M5S move to impeach Napolitano amid parliament chaos
'Let it run its course' says president30 January, 20:10
Politicians on all sides rallied to his side.
Premier Enrico Letta's centre-left Democratic Party (PD), the biggest group in parliament, blasted the move, describing it as "an atrocious act aimed only a taking out the fundamental element of our democratic system," according to Roberto Speranza, the PD's House whip. Defence Minister Mario Mauro said he was "full of indignation as a citizen and as a member of parliament for the very serious and indecorous attacks on the head of State".
Fabrizio Cicchito of the New Centre Right (NCD) described the bid as "simply absurd". Senate Speaker Piero Grasso called the impeachment drive "absolutely fanciful," but added the "procedure will be applied.
I have submitted the request to the House Speaker. There the process as it is prescribed by law will take place". The 88-year-old statesman is serving an unprecedented second term as president after being re-elected last spring to help overcome the political deadlock resulting from inconclusive parliamentary elections in February. Grillo has long vowed to impeach the head of State, whom the M5S has increasingly blamed as of late for much of Italy's problems amid the fallout of the euro crisis. It accuses Napolitano of failing in his Constitutional role as an independent arbiter of Italy's political affairs and of favouring the established parties. On Wednesday, an M5S MP called him an "executioner" ('boia'), among the worst insults in the Italian language, sparking a political storm. On the same day it criticised Napolitano for his alleged failure to intervene over a controversial government decree providing for the revaluation of the share capital of the Bank of Italy that the party opposed on grounds it only benefited the nation's banks. The decree became the object of pushing and shoving on the House floor on Wednesday after Speaker Laura Boldrini used her so-called "guillotine" powers for the first time in history to interrupt a filibuster the M5S was staging so it could pass before it was timed it out.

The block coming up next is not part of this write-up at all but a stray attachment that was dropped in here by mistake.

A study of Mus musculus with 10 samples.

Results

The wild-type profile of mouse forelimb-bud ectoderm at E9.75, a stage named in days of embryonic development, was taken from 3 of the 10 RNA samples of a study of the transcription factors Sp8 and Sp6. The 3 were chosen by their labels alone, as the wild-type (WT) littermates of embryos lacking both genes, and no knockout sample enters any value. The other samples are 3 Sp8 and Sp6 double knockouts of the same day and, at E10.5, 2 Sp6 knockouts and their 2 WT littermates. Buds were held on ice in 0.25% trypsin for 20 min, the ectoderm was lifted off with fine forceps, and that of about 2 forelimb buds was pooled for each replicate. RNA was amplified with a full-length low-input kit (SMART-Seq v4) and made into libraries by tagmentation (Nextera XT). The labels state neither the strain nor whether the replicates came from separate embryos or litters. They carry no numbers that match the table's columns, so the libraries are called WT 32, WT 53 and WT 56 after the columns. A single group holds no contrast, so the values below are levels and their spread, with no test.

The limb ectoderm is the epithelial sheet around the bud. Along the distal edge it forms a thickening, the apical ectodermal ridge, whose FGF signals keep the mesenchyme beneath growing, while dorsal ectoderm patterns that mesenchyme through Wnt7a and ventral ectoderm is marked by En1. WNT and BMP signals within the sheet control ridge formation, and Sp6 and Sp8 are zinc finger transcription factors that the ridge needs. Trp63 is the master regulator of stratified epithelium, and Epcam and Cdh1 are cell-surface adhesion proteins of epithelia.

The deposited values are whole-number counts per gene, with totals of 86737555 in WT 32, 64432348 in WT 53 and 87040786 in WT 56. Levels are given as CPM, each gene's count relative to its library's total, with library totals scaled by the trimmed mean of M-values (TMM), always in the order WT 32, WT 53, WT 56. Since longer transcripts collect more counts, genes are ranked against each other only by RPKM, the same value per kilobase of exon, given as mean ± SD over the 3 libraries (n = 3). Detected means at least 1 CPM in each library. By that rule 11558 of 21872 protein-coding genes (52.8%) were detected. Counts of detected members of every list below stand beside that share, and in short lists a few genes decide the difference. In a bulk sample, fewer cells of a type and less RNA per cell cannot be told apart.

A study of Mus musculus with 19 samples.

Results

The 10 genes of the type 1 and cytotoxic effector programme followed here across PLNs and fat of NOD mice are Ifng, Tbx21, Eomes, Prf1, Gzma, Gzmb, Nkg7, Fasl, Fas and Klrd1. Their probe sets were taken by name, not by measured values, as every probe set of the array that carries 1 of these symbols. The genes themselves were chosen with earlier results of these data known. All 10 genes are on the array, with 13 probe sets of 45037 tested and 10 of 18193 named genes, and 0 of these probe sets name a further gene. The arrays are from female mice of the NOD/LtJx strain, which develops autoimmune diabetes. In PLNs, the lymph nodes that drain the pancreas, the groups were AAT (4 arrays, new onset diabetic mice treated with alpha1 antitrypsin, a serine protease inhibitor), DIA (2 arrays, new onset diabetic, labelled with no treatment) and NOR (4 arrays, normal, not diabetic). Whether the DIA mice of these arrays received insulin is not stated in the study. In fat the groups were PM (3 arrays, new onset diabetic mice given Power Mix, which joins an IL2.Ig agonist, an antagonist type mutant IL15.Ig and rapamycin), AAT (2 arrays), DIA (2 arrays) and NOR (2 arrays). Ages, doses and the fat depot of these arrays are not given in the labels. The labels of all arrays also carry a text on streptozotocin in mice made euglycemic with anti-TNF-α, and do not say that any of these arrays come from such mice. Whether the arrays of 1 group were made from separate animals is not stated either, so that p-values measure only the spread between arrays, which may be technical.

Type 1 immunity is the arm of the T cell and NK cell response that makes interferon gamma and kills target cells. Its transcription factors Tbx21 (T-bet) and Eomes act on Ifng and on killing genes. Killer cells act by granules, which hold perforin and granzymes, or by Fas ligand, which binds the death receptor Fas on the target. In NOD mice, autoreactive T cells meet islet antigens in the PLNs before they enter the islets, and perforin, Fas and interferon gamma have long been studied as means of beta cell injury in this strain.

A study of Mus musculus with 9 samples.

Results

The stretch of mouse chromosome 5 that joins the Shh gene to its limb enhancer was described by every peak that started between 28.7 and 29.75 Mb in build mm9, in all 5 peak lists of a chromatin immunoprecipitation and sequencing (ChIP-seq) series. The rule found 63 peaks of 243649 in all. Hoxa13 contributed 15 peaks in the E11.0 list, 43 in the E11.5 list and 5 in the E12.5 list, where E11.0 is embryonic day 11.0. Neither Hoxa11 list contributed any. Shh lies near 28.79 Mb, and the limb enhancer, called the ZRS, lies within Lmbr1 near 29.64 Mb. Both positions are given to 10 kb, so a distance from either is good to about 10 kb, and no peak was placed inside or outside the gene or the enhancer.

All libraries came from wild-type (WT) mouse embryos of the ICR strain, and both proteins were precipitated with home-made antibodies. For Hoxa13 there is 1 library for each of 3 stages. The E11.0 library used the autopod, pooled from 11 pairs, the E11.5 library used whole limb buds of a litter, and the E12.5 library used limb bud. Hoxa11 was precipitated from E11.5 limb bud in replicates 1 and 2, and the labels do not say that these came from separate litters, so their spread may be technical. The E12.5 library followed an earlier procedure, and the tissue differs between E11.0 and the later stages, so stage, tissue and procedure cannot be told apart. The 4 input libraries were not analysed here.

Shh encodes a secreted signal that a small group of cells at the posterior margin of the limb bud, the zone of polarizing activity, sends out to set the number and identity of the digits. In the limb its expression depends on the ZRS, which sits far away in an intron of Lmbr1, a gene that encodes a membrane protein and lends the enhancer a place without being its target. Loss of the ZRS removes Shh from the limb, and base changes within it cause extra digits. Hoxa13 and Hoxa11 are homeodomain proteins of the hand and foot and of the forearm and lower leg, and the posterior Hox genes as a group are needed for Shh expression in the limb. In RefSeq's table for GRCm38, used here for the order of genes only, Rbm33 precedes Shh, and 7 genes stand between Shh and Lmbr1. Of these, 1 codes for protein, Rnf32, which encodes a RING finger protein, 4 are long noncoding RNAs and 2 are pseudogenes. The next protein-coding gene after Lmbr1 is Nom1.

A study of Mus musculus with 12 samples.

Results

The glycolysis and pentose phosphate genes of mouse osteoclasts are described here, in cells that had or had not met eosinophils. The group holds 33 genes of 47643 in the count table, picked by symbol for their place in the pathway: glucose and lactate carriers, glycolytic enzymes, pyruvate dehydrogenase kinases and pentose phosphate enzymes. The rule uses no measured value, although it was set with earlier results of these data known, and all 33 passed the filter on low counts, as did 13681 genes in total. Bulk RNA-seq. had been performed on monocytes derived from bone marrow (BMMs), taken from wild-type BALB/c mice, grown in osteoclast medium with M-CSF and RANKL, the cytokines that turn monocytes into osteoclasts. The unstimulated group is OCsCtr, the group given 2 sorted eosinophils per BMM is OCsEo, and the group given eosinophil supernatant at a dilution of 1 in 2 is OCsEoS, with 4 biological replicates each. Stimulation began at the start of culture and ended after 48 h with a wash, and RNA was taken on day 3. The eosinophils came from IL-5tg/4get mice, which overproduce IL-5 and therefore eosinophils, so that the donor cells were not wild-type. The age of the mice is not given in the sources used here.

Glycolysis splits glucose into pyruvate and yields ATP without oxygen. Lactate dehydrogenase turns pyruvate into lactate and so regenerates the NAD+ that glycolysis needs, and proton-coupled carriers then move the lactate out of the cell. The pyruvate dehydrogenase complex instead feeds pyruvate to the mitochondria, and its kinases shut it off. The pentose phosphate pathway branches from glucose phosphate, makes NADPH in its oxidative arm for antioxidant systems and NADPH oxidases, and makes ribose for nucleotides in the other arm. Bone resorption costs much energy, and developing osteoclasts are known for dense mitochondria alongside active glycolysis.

The M5S accused Boldrini, of the PD, of acting unconstitutionally on the orders of Letta, and on Thursday said it intends to submit an appeal to the Constitutional Court against her in an effort to annul Thursday's vote. The appeal also aims to block a bill to reform Italy's electoral law. The bill was agreed to by Italy's biggest parties, the PD and the center-right Forza Italia of ex-premier Silvio Berlusconi. The M5S, which is the third-biggest party in parliament after taking around 25% of the popular vote, accuses them of using it to squeeze it out of politics.